Allison Mack of ‘Smallville’ Pleads Guilty in Case of Nxivm ‘Sex Cult’ Where Women Were Branded
Ms. Mack wept as she took responsibility in federal court in Brooklyn for recruiting women into the Nxivm organization.
Allison Mack tearfully told a judge on Monday that she first joined the cultlike group known as Nxivm to “find purpose.” She was unsatisfied with her acting career, she said, despite her role on the successful television series “Smallville.”
Led by Keith Raniere, the group, based in Albany, billed itself as a self-help organization. It offered workshops and classes that promised participants greater self-fulfillment.
Ms. Mack became so involved, federal prosecutors said, that she began recruiting other women into a secret sect within Nxivm in which women were branded with Mr. Raniere’s initials and were forced to have sex with him.
“I was lost,” Ms. Mack said on Monday, while pleading guilty to racketeering and racketeering conspiracy charges related to her role in the group.
In a lengthy, tear-filled confession at Federal District Court in Brooklyn, Ms. Mack admitted to luring women into Nxivm (pronounced NEX-ee-um), where they were extorted and coerced into following Mr. Raniere’s orders.
“I must take full responsibility for my conduct,” Ms. Mack, 36, said.
The racketeering counts were among the least lurid ones that Ms. Mack faced. When the actress was arrested last year, she was also charged with sex trafficking and conspiracy to commit sex trafficking and forced labor.
Her arrest was part of a larger federal case against high-ranking members of Nxivm, including Mr. Raniere and four others. Federal authorities had begun investigating the organization after The New York Times published an article in late 2017 detailing the inner workings of the secret sorority within Nxivm.
Ms. Mack’s Hollywood ties boosted the case’s profile and grabbed headlines. After prosecutors announced the charges against her, other actresses said that Ms. Mack had tried to get them to join her “women’s group.” Several female journalists also shared that they had received emails from Ms. Mack trying to pitch them on joining a female empowerment organization.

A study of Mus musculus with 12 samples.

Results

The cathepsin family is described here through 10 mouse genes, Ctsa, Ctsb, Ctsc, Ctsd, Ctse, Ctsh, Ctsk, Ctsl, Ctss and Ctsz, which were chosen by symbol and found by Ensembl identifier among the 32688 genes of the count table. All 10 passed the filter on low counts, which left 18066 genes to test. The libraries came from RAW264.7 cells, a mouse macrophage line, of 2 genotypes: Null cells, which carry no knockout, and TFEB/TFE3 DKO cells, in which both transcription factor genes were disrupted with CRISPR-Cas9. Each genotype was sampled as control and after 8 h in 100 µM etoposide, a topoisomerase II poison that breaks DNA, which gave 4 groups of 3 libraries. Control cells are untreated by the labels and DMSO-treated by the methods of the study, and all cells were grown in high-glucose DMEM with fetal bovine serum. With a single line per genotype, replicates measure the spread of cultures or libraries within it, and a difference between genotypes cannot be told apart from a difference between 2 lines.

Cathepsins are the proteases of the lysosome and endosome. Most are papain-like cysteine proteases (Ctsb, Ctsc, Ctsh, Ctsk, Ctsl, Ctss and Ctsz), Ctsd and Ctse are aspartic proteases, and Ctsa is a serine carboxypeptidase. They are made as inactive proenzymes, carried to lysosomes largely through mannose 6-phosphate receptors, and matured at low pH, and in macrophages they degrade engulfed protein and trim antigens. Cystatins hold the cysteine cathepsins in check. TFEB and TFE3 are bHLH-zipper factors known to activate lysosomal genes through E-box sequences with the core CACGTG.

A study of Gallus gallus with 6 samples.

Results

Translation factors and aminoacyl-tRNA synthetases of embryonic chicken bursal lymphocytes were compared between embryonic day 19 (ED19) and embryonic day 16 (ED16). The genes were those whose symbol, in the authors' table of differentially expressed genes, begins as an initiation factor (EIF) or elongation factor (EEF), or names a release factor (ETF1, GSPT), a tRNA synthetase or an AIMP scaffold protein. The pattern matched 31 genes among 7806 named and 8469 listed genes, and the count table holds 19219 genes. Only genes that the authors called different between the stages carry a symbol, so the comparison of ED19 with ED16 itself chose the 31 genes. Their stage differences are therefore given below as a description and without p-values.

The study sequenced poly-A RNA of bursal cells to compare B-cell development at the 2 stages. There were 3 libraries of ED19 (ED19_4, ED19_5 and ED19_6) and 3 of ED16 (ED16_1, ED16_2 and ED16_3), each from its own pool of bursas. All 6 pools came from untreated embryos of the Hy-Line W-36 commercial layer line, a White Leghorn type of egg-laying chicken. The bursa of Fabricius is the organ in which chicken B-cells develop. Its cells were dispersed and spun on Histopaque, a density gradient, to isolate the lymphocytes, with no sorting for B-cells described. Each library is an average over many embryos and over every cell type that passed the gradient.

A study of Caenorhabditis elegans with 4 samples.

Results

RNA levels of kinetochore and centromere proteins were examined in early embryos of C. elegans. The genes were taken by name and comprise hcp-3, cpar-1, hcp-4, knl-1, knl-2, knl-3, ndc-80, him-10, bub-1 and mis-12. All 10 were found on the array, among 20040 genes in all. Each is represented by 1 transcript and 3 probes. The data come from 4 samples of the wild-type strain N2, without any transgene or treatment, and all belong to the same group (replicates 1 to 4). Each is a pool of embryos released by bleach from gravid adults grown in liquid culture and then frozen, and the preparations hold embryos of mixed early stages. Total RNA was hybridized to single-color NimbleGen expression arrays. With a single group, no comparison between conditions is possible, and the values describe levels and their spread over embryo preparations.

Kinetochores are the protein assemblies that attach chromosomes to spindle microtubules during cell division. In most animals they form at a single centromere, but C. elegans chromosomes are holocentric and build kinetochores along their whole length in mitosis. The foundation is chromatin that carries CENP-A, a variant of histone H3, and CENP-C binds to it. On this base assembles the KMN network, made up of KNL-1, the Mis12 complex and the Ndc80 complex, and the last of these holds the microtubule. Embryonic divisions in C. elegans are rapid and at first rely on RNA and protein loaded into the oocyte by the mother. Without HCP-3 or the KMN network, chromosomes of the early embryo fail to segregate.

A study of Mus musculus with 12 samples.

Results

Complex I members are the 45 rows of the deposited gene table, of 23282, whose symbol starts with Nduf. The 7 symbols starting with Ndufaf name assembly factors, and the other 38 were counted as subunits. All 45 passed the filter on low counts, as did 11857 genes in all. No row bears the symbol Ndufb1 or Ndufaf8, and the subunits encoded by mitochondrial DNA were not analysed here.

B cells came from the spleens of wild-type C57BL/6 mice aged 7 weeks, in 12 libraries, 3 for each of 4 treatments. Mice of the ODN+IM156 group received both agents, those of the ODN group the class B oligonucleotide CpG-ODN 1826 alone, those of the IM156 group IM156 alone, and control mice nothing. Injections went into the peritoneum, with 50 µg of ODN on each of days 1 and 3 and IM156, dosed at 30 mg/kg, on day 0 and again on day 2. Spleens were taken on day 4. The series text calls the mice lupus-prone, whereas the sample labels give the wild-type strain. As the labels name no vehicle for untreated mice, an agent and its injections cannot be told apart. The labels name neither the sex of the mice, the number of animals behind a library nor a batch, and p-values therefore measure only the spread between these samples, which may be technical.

Prosecutors said the secret sect’s purpose within Nxivm was to groom sexual partners for Mr. Raniere, who is 58. It was called D.O.S., an acronym for a Latin phrase that roughly translates to “Lord/Master of the Obedient Female Companions,” court papers said.
In court on Monday, Ms. Mack admitted she recruited women into the group by telling them they were going to become members of a female mentorship program.
Her goal, she said, was to promote Mr. Raniere’s teachings and help him further his objectives. She was so dedicated to doing so, she said, that she engaged in criminal conduct.
Ms. Mack said that to become members of the secret D.O.S. group, women were required to offer up “personally damaging or ruinous” information. The group also collected explicit photos and videos from members as well as rights to their properties, she said.
Prosecutors have said that the women were warned that the damaging or embarrassing information would be made public if they revealed the existence of the group.
Ms. Mack admitted on Monday that she wielded the information to blackmail the women into performing services for her and the group. The organization was set up to make women think “they could suffer serious harm” if they did not follow orders, she said.
The D.O.S. group was organized into circles of women “slaves” that were led by “masters,” prosecutors said. When Ms. Mack was arrested last year, officials said that she had recruited women into the society as “slaves” and had required them to have sex with Mr. Raniere.
But in her plea before the court, Ms. Mack did not directly address whether women were coerced into having sex with the group’s leader. She did admit that she had obtained “labor and services” from two anonymous women who were mentioned in the indictment.
Ms. Mack sobbed so much as she gave her statement that Judge Nicholas G. Garaufis interrupted to ask if she was all right. Ms. Mack then apologized to those that she hurt through her “misguided adherence to Keith Raniere’s teachings.”
Ms. Mack’s biography on her website, which was no longer active on Monday but could still be accessed in archives, mentioned that Mr. Raniere had mentored her after “Smallville” ended in 2011.
As she spent more time with the group and with Mr. Raniere, she said in court, she was persuaded into believing Mr. Raniere’s messages would be beneficial to others.
But almost a year after her arrest, Ms. Mack said that she had concluded through introspection and “self-examination” that Mr. Raniere and some of his followers had broken the law.
Last month, one of the group’s co-founders, Nancy Salzman, shared the same sentiment when she pleaded guilty to charges in the case. Two weeks later, her daughter, Lauren Salzman, also pleaded guilty to racketeering conspiracy and racketeering counts.
Others charged in the case include Mr. Raniere and Clare Bronfman, an heiress to the Seagram’s liquor fortune.
Ms. Mack faces up to 20 years in prison on each count to which she pleaded guilty. She is scheduled to be sentenced in September.
It was unclear whether Ms. Mack will be entering into a cooperation deal with federal prosecutors. Her lawyer declined to comment outside the courthouse and did not respond to phone or email requests.